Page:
Every Issue

Cite as: Cite as: March 2012 86 (03) LIJ, p.72

Ethical dilemmas are part of everyday practice for solicitors.The LIV Ethics Committee is available to help.


Conflict of interest
(R4717 – September 2011)
Practitioners should be mindful when acting for multiple parties in a proceeding, especially when the interests of one party impact directly on the interests of another party, as the practitioners may find themselves in a position of conflict.

A legal service acted for a lot owner in relation to a complaint against an owners corporation manager. Another firm (Firm A) acted for the owners corporation and the manager.

The lot owner had a dispute with the corporation which led to him commencing proceedings in VCAT as an unrepresented litigant. He was unsuccessful at VCAT and VCAT ordered that the parties bear their own costs. The corporation incurred substantial legal fees in defending the proceedings commenced by the lot owner, which the corporation paid. Each lot owner (including the litigant) was then sent a bill for their portion of the legal fees. Firm A acted for the corporation in the VCAT matter.

The lot owner stated that he was advised to commence the VCAT proceedings by the manager. The legal service alleged that the manager had breached its duty to the corporation to act with due care and diligence by erroneously advising the lot owner that he was required to commence VCAT proceedings to resolve his dispute, rather than engaging in more cost-effective internal dispute resolution processes. Had he not been so advised, the substantial legal fees of the VCAT proceeding would not have been incurred.

Firm A stated in correspondence that it acted for both the corporation and the manager, but that it currently did not act for either party as no current retainer existed.

The legal service alleged that Firm A might be in a position of conflict of interest if the manager was found guilty of breaching its duty to act with due care and diligence in the performance of its functions. If the manager was found to have acted in breach of its duties, it might be held liable to compensate the corporation. This would then place the corporation’s interests and the manager’s interests in conflict and accordingly place Firm A in a position of conflict.


In the opinion of the Ethics Committee and on the information presented:

If the lot owner pursues the claim against the owners corporation manager, and Firm A continues to act for the owners corporation manager, Firm A will be in a conflict of interest situation due to the unique relationship between the owners corporation and the owners corporation manager, and it would be prudent for Firm A to cease acting.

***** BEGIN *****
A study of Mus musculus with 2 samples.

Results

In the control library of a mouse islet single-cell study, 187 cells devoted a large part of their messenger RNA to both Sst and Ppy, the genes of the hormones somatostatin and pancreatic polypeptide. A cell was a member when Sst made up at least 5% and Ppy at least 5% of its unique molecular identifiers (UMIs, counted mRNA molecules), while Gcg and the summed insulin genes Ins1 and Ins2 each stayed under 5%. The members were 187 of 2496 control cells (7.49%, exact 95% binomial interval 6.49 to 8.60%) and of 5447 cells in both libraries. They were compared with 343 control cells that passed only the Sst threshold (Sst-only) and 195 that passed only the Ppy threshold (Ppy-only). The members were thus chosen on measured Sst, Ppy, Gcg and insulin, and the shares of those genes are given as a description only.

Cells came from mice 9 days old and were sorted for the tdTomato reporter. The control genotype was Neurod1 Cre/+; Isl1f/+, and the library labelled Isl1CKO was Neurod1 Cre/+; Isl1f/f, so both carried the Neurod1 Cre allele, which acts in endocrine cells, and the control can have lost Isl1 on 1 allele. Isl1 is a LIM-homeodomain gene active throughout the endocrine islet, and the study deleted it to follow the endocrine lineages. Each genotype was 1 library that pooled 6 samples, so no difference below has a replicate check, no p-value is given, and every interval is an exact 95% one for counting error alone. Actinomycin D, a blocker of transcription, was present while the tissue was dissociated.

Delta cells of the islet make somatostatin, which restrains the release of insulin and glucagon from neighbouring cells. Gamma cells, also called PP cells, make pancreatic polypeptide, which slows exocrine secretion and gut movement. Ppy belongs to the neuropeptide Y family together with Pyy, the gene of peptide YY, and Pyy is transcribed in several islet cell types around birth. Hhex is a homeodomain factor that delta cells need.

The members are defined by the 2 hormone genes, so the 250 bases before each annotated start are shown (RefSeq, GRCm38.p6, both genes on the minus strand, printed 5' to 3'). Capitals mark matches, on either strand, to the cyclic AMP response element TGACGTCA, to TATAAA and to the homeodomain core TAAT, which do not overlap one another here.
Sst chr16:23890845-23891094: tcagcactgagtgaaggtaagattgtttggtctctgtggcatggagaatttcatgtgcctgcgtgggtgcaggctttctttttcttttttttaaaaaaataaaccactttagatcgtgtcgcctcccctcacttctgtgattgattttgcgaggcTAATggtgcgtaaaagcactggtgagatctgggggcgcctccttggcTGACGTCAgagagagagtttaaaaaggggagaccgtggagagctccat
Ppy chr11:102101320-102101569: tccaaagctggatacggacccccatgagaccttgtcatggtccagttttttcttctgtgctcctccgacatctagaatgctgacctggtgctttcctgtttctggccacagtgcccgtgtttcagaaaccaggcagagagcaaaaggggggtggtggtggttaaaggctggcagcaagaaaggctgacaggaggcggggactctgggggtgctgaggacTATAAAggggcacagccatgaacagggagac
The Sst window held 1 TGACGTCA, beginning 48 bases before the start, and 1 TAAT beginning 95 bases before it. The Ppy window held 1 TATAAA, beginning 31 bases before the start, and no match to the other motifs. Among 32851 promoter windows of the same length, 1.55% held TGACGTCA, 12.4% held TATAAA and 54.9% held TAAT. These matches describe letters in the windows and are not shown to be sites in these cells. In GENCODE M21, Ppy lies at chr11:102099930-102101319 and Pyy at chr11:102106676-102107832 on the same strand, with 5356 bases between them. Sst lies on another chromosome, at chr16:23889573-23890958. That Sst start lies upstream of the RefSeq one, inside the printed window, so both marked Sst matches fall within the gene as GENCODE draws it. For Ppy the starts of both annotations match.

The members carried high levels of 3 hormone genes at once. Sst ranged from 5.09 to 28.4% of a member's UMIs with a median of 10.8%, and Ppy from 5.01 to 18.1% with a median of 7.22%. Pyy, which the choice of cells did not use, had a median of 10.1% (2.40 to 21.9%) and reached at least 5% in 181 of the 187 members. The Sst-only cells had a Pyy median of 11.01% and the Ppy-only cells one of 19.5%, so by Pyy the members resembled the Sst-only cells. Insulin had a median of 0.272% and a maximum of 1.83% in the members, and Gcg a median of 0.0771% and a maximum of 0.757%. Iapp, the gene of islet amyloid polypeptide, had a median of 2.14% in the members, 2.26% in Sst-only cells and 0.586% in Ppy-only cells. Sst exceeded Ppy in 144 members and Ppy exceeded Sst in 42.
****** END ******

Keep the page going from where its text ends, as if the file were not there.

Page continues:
Similarly, if the owners corporation pursues the claim against the owners corporation manager for breach of duty, Firm A should not act for the owners corporation manager as it had previously acted for the owners corporation in a related matter.


Conflict of interest
(R4720 – September 2011)
In relation to an independent children’s lawyer (ICL), the appearance of bias may be tested by whether a fair-minded lay observer might reasonably apprehend that the ICL might not bring an impartial or unprejudiced mind to the task of independently representing a child (per O’Reilly J in Kingley & Arndale (No 2) [2010] FamCA 968 (8 October 2010) at [33]).

A practitioner acted as an ICL in current family law proceedings involving a father and a mother.

After the family law proceedings had commenced, the father began a relationship with another woman with whom he intended to cohabit.

The ICL had formerly acted in family law proceedings in which she had represented the former partner of the woman. The ICL had been the opposing solicitor to the woman in these other proceedings.

The solicitor for the father suggested that the ICL’s independence might have been compromised in continuing to act in the current family law proceedings between the father and the mother.


In the opinion of the Ethics Committee and on the information presented:

Having regard to the “Guidelines for Independent Children’s Lawyers” (endorsed by the Chief Justice of the Family Court of Australia dated 6 February 2007) and the case law, the information before the Ethics Committee indicates a perceived conflict of interest and the practitioner appointed as ICL should cease to act.

Although the Ethics Committee is mindful that mere allegations of impartiality are insufficient to prevent an Independent Children’s Lawyer from continuing to act, in this case the Independent Children’s Lawyer has previously acted against a potential partner of one of the parties to the proceeding.

The ETHICS COMMITTEE is drawn from experienced past and present LIV Council members, who serve in an honorary capacity. Ethics Committee rulings are non-binding. However, as the considered view of a respected group of experienced practitioners, the rulings carry substantial weight. It is considered prudent to follow them. The LIV Ethics website,, is regularly updated and, among other services, offers a searchable database of the rulings, a “common ethical dilemmas” section and information about the Ethics Committee and Ethics Liaison Group. For further information, contact the ethics solicitor on ph 9607 9336.